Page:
We tend to file her with botanical names, but her origins are a little bit different.
Thanks to Fran for suggesting Rosamund as our Baby Name of the Day.
Rosamund didn’t initially have much to do with roses. She comes from the Germanic elements hros – horse and mund – protection. Think Edmund or Rosalind.
The earliest record of a Rosamund dates back to the sixth century, a princess born to a kingdom at war. She was eventually kidnapped and married to her family’s rival, the King of the Lombards. Accounts tell us that his cruelty was extraordinary, and Rosamund plotted his death. While she was successful, the plot would be her downfall, too. The tale of the ill-fated Rosamund became a popular one in songs and storytelling.
It might also help explain why Rosamund remained in steady use. Six centuries later, she’s still in use.
The lovely Rosamund Clifford would keep the name in the public eye, and would also change our ideas about the meaning. The mistress of English monarch Henry II, she was referred to as “rose of the world” – a play on her given name and the Latin phrase rosa mundi.
We do this today, too, of course – you’ll find all sorts of indefensible meanings scattered across baby name message boards. And it is hard to separate Rosamund from the many other Rose names in use. Rosalind, another Germanic appellation, underwent a similar transformation, only this time in Spanish. Thanks to Linda – pretty – we assumed that Rosalind means “pretty as a rose.” It wasn’t true, but now maybe it is.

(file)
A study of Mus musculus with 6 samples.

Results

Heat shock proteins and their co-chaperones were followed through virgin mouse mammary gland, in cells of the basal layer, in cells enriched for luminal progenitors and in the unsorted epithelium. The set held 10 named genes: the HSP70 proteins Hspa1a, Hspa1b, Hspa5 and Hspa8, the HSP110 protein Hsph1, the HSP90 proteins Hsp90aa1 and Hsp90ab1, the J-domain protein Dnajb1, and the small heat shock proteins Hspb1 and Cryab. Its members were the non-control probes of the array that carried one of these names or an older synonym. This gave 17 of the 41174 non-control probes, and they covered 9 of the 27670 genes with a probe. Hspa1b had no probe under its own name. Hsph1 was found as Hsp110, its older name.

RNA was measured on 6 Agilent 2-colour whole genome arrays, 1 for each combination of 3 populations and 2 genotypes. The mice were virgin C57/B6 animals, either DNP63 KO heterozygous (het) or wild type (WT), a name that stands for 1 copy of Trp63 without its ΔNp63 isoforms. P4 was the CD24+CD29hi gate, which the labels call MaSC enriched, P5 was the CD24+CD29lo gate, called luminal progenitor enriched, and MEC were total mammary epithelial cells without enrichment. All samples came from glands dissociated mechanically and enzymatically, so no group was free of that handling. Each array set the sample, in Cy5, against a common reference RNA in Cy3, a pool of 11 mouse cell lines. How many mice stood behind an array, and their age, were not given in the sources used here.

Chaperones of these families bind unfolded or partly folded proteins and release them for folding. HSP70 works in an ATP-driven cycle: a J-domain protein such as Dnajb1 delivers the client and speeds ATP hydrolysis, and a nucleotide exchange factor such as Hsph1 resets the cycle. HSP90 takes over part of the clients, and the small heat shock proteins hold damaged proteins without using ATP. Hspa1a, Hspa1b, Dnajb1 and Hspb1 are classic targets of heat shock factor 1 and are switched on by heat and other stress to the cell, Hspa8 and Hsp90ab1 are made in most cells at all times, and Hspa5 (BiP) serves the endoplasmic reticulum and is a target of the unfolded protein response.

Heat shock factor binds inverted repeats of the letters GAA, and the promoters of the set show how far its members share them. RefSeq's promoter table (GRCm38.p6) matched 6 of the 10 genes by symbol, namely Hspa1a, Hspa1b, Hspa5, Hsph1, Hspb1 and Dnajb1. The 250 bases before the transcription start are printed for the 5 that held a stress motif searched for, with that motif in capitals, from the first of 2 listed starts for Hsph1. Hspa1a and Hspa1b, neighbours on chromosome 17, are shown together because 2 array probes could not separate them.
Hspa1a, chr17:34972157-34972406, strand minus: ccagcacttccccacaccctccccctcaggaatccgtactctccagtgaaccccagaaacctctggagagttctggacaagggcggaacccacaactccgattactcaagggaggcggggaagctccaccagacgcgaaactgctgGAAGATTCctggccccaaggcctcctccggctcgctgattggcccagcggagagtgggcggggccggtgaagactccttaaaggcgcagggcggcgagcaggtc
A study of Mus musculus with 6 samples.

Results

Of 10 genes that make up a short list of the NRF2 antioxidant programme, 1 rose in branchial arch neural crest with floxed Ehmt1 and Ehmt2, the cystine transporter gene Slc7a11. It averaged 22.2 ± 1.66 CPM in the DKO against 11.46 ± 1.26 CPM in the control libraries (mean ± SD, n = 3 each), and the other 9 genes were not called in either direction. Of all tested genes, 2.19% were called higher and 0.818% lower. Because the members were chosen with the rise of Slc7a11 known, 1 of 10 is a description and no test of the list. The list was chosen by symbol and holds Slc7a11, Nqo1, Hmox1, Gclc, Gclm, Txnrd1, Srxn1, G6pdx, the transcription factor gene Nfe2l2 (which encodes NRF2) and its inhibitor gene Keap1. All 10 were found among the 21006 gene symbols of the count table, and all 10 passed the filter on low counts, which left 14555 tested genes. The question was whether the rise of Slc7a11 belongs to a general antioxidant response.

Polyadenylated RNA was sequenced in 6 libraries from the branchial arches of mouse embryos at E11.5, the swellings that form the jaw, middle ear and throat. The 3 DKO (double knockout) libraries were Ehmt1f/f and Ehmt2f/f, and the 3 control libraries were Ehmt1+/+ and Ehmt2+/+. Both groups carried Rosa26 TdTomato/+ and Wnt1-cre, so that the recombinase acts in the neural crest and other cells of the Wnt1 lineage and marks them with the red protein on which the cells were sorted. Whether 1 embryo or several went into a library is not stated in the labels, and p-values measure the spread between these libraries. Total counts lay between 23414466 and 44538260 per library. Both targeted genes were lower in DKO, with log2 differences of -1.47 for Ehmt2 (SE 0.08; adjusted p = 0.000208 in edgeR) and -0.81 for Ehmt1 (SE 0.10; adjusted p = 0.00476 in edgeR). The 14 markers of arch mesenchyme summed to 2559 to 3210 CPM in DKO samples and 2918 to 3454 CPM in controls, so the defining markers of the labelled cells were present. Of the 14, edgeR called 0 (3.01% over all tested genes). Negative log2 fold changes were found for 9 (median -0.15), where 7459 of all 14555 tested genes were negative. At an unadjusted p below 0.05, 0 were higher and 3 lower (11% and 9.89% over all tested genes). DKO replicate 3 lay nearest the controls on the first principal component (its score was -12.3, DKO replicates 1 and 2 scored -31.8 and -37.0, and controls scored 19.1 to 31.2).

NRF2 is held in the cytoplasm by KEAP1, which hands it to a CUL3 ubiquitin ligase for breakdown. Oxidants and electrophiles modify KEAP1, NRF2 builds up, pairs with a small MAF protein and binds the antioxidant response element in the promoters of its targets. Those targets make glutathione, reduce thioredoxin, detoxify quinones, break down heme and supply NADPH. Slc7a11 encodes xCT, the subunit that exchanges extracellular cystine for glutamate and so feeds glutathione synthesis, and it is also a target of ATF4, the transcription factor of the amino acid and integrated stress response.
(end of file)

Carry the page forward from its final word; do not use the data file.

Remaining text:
In any event, the ill-fated princess and the royal mistress meant that the name has been big in music and literature and other forms of storytelling over the centuries. She’s spelled Rosamunde and Rosamond and even Rosamonde, but she’s a fairly steady presence over the centuries.
Several early tellings of Sleeping Beauty, including the ones originally recorded by the Brothers Grimm, gave the somnolent princess’ name as Rosamond – though today Disney has cemented her name as Aurora.
More modern Rosamunds include:
- Poet Rosamund Watson wrote poetry under the nom de plume Graham R. Tomson in the late nineteenth century.
- In 1877, a town in California’s Mojave Desert was named Rosamond after the daughter of a railroad official.
- Writer Rosamunde Pilcher penned romance novel for decades, including the 1987 bestseller The Shell Seekers.
- Actress Rosamund Pike, who has played everything from a Bond Girl to a character in a Jane Austen flick.
- The young adult detective series Nate the Great features a dark-haired, cat-collecting character called Rosamond, said by many to be the inspiration for Emily the Strange.
Spelled with a u, the name has never cracked the US Top 1000. Rosamond charted from the 1880s into the 1930s, but never higher than the 500s.
All of this makes her a recognizable rarity with history and style. Sweet nicknames range from Rosie to Romy to Roz. If you’re disappointed that Beatrice is back, Rosamund might be one to consider.